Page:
Katrina is a spayed female domestic dog, most likely a malamute and German Shepherd mix. She was born in 2007, misidentified as a wolf-dog, and arrived at Wild Spirit Wolf Sanctuary in 2009.
Katrina is one of the more social members of her pack, although she is not as brave as her brother, Saint was, or as brave as her sister, Azteca is. She is extremely playful, often to the point where she will irritate her siblings with her energy and persistence.
Katrina is easily identified by the lovely circles on her cheeks and her short tail. Azteca, the alpha female in our Nola Pack, bit it during a disagreement. Fortunately, injuries like this aren’t serious, and Katrina recovered easily after a vet visit. She still likes to annoy Azteca though, so we don’t think she learned her lesson!
Likes & Dislikes
Katrina really doesn’t like it when Azteca bosses her around, but she also knows that Azteca is in charge. She also doesn’t like walking with unfamiliar caretakers or when she wasn’t with her brother, Saint.
Our lovably goofy Katrina was one of five domestic dogs who was taken to a shelter in Louisiana when she was only 7-weeks-old. They were mistaken as wolf-dogs. Like many dogs sold as wolf-dogs, we think they are most likely a mix of malamute, German shepherd, and husky. Because they were labeled as wolf-dogs, it was almost impossible to adopt them out. Katrina, her sisters Goldie, Azteca, and Juno, and her brother, Saint were all placed together in a 10 x 10-foot cage with a concrete floor and became completely unsocialized.
While at the shelter, someone would occasionally try to adopt one of the dogs, but they were always returned. The shelter called Wild Spirit in August of 2009. One of our staff members was on vacation in the area so she stopped by to see them. They were kept clean and fed but had spent two years together in that awful 10 x 10 cage, which caused permanent damage to their knees. They all had learned to move together as a pack in their tiny space. We couldn’t stand to see them spend the rest of their lives there. We made arrangements to accept them at Wild Spirit and they became our Nola Pack.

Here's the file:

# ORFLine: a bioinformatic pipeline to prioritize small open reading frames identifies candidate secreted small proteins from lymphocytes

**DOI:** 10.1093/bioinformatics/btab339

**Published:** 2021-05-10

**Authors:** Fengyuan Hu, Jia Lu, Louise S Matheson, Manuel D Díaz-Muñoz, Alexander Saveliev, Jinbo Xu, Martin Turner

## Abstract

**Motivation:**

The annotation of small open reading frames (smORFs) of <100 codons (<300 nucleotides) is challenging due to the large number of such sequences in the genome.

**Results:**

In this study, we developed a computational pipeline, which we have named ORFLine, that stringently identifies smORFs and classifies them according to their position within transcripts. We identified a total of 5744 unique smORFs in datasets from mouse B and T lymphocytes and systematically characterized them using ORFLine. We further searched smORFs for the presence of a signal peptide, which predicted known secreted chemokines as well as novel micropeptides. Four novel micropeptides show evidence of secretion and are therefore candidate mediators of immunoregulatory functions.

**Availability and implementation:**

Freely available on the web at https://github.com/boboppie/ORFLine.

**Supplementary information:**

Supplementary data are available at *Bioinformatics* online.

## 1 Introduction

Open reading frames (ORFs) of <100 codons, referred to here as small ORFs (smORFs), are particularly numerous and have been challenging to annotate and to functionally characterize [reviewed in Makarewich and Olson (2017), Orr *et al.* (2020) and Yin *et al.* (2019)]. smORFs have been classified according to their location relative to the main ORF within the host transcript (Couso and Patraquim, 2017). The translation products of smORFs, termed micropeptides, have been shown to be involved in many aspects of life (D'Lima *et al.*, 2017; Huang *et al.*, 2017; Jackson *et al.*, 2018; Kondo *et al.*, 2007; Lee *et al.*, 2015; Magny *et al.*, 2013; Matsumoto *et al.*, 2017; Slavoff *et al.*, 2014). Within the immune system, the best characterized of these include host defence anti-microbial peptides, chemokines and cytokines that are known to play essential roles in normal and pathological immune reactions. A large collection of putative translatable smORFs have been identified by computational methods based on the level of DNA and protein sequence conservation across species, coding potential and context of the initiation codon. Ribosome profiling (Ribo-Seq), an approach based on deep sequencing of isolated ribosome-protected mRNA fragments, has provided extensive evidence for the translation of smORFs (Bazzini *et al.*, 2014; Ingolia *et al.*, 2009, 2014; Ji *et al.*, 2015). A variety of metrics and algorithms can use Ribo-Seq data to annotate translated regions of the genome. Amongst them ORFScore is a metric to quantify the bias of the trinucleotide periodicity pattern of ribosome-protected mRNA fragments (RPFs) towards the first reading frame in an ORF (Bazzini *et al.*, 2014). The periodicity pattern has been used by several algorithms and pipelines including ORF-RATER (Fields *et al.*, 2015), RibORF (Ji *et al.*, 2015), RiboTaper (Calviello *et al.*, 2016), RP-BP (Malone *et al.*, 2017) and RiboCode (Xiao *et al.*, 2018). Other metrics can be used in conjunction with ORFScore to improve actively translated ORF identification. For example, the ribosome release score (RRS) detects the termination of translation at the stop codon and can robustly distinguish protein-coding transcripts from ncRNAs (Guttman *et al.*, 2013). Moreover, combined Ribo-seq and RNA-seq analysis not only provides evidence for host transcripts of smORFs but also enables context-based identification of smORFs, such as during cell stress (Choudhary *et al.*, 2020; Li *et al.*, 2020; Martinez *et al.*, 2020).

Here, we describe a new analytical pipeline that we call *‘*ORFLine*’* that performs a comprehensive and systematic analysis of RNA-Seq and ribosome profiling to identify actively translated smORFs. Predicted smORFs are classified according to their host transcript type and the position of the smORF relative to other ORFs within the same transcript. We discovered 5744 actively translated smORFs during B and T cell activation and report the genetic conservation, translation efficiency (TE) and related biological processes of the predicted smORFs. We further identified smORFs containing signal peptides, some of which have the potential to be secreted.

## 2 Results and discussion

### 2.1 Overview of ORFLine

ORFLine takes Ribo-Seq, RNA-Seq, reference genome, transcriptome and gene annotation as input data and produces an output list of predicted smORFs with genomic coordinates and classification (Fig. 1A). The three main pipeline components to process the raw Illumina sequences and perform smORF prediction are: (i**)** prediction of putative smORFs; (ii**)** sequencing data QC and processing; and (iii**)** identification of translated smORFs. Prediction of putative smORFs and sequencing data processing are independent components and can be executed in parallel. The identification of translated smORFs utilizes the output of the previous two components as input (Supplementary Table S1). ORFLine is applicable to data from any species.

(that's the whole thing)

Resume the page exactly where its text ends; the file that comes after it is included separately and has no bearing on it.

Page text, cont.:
Despite still being shy, our Nolas are very sweet and loving dogs. For the sake of keeping the closely-knit family together, we decided against adopting them out. We have given them the best possible care, including knee surgeries for Saint, Azteca, Katrina and 14 weeks of physical therapy after each surgery. This precious family does a great job helping us educate folks on our tours. Their story is the perfect example of the fact that many of the canines sold as wolf-dogs are just domestic dogs. Incorrectly labeling a domestic dog as a wolf-dog, or even worse, a wolf, is a horrible disservice to both dogs and wolves. People get the impression that wolves and wolf-dogs are just like domestic dogs and will act accordingly. Sadly, most people who actually buy a wolf-dog or wolf very quickly realize they are not at all like domestic dogs. Sanctuary and rescue spaces are very limited. Most shelters will not adopt out wolf-dogs so they end up being euthanized. Katrina and her family help us demonstrate how the wolf and wolf-dog breeding industry hurts everyone, even those who are not truly part of it.